By Jim Gibney (for Irish News)
Before the last peg was removed dismantling the marquee in the Falls Park where Féile an Phobail aficionados of all ages danced and sang the week away; before the last word was spoken at the more than 50 political events on its programme; before the exhausted staff of organisers got time to sit down, take a breath and applaud themselves on a job well done, plans were being laid for the biggest and best Féile for August 2013.
Next August Féile an Phobail celebrates its silver jubilee, its 25th anniversary, and organisers are hoping to mark the special occasion with a memorable Féile25.
The year Féile started, 1988, was the year I was released from the H-Blocks where I had been imprisoned for six years. The days immediately after my release, in mid-February, were a shocking reintroduction to life on the outside amidst the conflict.
Two IRA men, Brendan Burns and Brendan Moley, died in a premature explosion in south Armagh.Three unarmed IRA members were killed in Gibraltar by the SAS and another was killed by the British army in west Belfast. At the funerals of the Gibraltar Three a loyalist, armed with weapons secured by British intelligence, killed three mourners, including an IRA member.
At his funeral two plain-clothes, armed British soldiers in an unmarked car drove at speed at mourners, who thought it was another loyalist attack. They were stopped, overpowered and killed by the IRA. The mourners’ and media’s immediate perception was that this was another mass murder attempt. The scenes were frightening and graphic British and unionist politicians and the media twisted the incident around and dubbed the people of west Belfast “savages”.
Out of this tragedy and the demonising of the people of west Belfast the MP for the area Gerry Adams and others organised a morale-raising festival, hosted around August 9 to displace bonfires and attacks from the RUC and British army, with the aim of showing the creative and progressive and welcoming nature of the community. There were street parties and a modest carnival period aimed at children. There were concerts and dances and, of course, what became characteristic of the Féile, distinguishing it from other festivals, were its candid political debates, discussions and lectures. Its primary focus was a ‘festival of the people’, hence Féile an Phobail.
It eventually evolved into Ireland’s largest community festival attracting thousands of tourists and big names to its gigs each August. Since the Good Friday Agreement it has played an important role in bridge-building across the various divides and in welcoming in the ‘new Irish’, those from other races and ethnic backgrounds who have come here to live and raise their families.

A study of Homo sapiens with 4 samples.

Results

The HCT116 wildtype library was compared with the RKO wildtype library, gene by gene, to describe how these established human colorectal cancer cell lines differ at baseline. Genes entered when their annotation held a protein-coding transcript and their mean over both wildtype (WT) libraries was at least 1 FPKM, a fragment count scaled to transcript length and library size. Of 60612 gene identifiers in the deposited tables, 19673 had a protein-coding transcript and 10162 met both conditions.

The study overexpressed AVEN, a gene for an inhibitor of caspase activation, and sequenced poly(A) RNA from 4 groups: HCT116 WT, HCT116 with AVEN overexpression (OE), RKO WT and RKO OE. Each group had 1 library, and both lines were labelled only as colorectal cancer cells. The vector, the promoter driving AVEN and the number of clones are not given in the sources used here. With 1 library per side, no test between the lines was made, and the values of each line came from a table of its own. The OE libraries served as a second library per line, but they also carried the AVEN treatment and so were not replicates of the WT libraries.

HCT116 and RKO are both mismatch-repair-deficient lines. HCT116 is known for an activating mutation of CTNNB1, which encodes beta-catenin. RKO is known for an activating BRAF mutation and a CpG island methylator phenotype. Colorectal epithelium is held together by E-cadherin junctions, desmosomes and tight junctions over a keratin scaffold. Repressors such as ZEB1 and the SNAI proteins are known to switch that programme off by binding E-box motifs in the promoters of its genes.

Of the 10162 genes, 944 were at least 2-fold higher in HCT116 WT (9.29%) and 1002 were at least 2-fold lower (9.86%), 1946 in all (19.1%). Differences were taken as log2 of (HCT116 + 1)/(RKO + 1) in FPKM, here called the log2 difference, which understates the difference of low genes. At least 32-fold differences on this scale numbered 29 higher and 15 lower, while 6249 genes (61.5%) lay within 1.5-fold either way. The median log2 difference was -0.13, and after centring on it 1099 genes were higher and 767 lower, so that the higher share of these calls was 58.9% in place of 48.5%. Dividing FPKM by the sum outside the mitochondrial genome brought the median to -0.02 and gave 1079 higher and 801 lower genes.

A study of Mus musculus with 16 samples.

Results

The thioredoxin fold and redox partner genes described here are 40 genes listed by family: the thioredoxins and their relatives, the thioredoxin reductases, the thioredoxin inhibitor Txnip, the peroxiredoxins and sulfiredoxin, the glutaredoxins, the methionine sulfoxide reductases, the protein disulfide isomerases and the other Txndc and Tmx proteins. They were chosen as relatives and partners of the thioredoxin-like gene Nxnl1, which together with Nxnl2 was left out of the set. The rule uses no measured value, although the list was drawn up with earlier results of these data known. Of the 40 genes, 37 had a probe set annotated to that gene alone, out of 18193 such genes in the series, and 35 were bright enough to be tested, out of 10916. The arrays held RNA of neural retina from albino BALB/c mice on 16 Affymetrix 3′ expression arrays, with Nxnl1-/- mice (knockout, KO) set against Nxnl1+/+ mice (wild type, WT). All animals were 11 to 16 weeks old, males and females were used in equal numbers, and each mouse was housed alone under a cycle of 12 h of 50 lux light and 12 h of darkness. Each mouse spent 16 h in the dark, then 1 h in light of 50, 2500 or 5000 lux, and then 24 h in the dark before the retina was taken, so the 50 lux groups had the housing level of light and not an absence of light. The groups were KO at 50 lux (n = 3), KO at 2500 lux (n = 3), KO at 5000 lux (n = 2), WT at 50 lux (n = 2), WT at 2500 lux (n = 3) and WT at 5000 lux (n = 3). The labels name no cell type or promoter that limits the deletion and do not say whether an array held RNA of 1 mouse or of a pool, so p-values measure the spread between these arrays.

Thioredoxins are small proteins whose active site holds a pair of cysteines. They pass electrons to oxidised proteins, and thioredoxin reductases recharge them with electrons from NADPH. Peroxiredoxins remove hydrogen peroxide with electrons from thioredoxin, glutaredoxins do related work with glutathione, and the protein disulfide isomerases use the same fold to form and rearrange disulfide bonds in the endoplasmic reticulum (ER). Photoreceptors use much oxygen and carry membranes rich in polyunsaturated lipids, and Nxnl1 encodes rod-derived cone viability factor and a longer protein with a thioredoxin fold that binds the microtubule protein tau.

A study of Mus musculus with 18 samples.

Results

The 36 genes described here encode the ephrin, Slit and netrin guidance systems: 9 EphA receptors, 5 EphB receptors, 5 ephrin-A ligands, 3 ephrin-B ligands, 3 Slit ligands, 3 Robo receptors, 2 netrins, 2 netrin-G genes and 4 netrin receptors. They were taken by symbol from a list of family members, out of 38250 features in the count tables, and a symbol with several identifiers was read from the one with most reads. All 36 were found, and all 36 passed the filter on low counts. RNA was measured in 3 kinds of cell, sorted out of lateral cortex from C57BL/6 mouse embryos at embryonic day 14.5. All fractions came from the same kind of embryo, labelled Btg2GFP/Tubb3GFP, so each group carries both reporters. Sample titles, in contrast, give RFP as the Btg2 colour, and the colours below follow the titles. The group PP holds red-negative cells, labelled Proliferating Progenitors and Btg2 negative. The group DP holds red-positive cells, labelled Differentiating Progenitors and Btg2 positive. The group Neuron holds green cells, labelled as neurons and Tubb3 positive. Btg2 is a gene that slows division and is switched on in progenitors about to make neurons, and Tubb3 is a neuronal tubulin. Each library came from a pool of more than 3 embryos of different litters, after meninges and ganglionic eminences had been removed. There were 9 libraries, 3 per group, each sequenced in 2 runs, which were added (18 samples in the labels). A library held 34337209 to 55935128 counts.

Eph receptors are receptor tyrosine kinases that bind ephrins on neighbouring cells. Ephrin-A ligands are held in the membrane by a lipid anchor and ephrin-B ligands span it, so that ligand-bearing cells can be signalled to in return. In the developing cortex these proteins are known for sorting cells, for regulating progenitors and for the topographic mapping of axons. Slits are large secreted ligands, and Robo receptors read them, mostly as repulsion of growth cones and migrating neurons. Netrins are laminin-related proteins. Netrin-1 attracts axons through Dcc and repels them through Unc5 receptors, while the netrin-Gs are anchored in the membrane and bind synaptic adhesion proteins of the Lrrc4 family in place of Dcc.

Its bilingual -- Irish and English -- menu of debates feature unionists, former British soldiers, former IRA prisoners, prominent politicians and campaigning groups. Subjects covered include everything from history to conflict resolution, truth and reconciliation and the rights of victims. Guests have included President Mary McAleese, Seamus Heaney, Michael Moore, Tim Robbins, Bob Fisk, Martin Sheen and scores of others.
Féile provides a platform for people to raise issues of concern about the society we live in and what type of society we want to live in. Arguments put forward in a variety of discussions last week included those from unionists and loyalists that the union was the most beneficial arrangement for the people of Felle provides a platform lor people to raise issues of concern about the society we live in and what type of society we want to live in.
Arguments put forward in a variety of discussions last week included those from unionists and loyalists that the union was the most beneficial arrangement for the people of the north. On the other hand, not surprisingly given the culture and the community in which the festival was born, others argued for an inclusive, peaceful, united Irish society where all races and minorities would be welcome and protected in law; where equality between men and women was a reality, where minorities like Travellers and gay people would be respected; where a free press did not mean a privileged press for the elite; where freedom was not just national but international and where economic equality not the needs of the wealthy was the pillar of the economy.
Féile provides not just the biggest summer school in Ireland but brings joy and fun to its host community and well beyond with its concerts, dances and comedy nights. Féile planners are an ambitious lot. That is why you can bet Féile25 will live up to expectations.